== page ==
From the writers of “The Lost Generation,” who include American expatriates F. Scott Fitzgerald, Ernest Hemingway and Gertrude Stein, to Sylvia Beach’s Shakespeare and Company bookshop, and to influential French writers like Guillaume Apollinaire or the Surrealists, early 20th-century Paris continues to hold a special allure for tourists and academics alike.
In the fall semester seminar, “Paris, Modern,” graduate students examined the literature and culture of Paris from 1905 to 1940 by studying artists in the city — including the avant-garde, French modernists, American and British expatriates and Russian emigres — and their connections to each other.
The course was co-taught by Joshua Kotin, an associate professor in the Department of English, and Effie Rentzou, an associate professor in the Department of French and Italian. Both Kotin and Rentzou share research interests in modernism and early 20th-century Paris, though Rentzou focuses on French literature and art, and Kotin on Anglo-American literature.
Kotin is directing the Shakespeare and Company Project, a digital humanities initiative that uses Sylvia Beach’s papers, which are housed at Princeton, to reveal what the lending library members read and where they lived. According to the project’s website, in March 2020, scholars will be able to search the library's members, browse their borrowing records and explore maps of Beach's Paris. Later in the year, they will be able to search and browse the library's books, rediscovering lost classics and identifying communities of readers.
Rentzou recently completed the manuscript of her book “Concepts of the World: Avant-garde and the Idea of the International,” which “explores the conceptualization of the ‘world’ in the work and activities of writers and artists within and around historical avant-garde movements – futurism, dada, and surrealism – during the period 1900-1940.”
Drawing from their respective research interests, Rentzou and Kotin employed a variety of material to consider questions about what made and continues to make Paris a locus of artistic production.
“It was really challenging to choose the material for a 12-week class, and finally we opted for works that were both representative of the period and also responding to some common themes that we had established,” said Rentzou. “Methodologically our point was not so much to trace direct connections among French and expats – although these came up very often – but rather to discuss in parallel works that usually are not seen together, for instance the ‘Lost Generation’ and Dada as both very different reactions to World War I.”
“I was pleasantly surprised by the range of material we covered: painting, poetry, film, novels, ballet, photography and music,” said James Miller, a graduate student in the Department of Art and Archaeology. “I suspected that a course on art and literature in Paris before the World War II would be a course about nearly everything — and it was, in the best way.”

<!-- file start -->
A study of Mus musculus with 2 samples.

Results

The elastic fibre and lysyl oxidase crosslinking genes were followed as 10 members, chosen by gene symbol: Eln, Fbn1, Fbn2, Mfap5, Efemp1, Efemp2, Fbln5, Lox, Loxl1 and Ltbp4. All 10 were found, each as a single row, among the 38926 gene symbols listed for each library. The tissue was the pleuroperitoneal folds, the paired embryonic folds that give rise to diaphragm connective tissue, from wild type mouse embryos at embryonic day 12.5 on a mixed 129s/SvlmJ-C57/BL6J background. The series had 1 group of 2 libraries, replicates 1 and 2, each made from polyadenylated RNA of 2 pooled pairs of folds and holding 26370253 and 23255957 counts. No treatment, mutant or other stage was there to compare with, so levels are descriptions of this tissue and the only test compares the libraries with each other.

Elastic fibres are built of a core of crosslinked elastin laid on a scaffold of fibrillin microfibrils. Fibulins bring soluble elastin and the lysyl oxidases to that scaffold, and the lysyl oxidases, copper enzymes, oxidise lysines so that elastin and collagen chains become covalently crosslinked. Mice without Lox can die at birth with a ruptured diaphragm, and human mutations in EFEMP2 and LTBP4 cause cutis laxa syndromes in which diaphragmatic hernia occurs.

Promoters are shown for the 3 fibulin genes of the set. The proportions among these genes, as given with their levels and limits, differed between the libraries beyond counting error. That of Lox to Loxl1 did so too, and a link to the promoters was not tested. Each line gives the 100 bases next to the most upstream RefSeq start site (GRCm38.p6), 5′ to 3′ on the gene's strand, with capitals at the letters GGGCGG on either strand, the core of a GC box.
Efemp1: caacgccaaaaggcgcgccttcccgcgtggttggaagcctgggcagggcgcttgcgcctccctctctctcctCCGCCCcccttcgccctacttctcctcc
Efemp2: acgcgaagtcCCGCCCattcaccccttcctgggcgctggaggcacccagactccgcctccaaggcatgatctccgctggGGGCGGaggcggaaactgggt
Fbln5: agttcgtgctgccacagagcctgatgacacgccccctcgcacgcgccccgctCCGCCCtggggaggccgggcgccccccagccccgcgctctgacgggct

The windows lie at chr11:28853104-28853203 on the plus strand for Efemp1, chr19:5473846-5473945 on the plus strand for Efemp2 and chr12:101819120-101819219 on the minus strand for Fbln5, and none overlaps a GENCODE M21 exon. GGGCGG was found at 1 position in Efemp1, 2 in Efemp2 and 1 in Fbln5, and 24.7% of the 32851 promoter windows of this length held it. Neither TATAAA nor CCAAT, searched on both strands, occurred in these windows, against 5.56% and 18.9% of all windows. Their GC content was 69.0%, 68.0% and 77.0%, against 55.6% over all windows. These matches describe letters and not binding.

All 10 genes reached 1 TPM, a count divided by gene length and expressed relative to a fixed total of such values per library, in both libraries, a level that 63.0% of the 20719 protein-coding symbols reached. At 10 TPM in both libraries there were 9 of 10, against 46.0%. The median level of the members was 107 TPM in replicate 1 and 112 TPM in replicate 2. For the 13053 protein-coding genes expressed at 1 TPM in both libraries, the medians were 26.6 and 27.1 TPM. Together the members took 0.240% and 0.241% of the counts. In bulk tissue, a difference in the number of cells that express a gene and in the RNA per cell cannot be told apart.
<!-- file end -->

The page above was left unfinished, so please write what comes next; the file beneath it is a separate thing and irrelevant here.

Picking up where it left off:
The interdisciplinary nature of the course attracted graduate students from a variety of backgrounds.
“I was happily surprised by the wide range of research interests of my fellow students in the course,” said art and archaeology graduate student Sasha Whittaker. “Having a cross-disciplinary mix of English, French and Italian, and art and archaeology Ph.D. students enriched our discussions in a way that I did not anticipate.”
In addition to weekly seminar discussions, the course also featured a workshop component, which brought in outside scholars whose perspectives enhanced the themes covered in class.
“The speakers introduced topics that were not included in the syllabus, thereby expanding the scope of our investigations. The opportunity to constructively critique scholarly works-in-progress was especially valuable as a way to start conversations about research methodology,” said Whittaker. “Such discussions are essential for graduate students preparing to embark on dissertation research.”
Sean Gill, a graduate student in the Department of English, agreed. “The workshop series was thoughtfully curated and just a wonderful pedagogical tool. A secondary aim of the course — or perhaps even primary, really — was to help us learn how to use our grad school experience to transition from junior scholars into professional academics.”
He added: “Towards that end, the workshop series provided a valuable and rare array of opportunities to see the work in progress of, and talk to, scholars at various places in their careers. All this, while allowing us to explore other media within the space of Paris and the effect of Paris on the larger world.”
“We hope [the course] gave students a foundation to become experts in an important period in literary and cultural history, and that it gave them tools to think critically about disciplinary boundaries and about the potential audiences for their scholarship,” said Kotin. “Finally, we hope the seminar made it easier for them to understand the importance of collaboration and building scholarly communities at Princeton and wherever their research takes them.”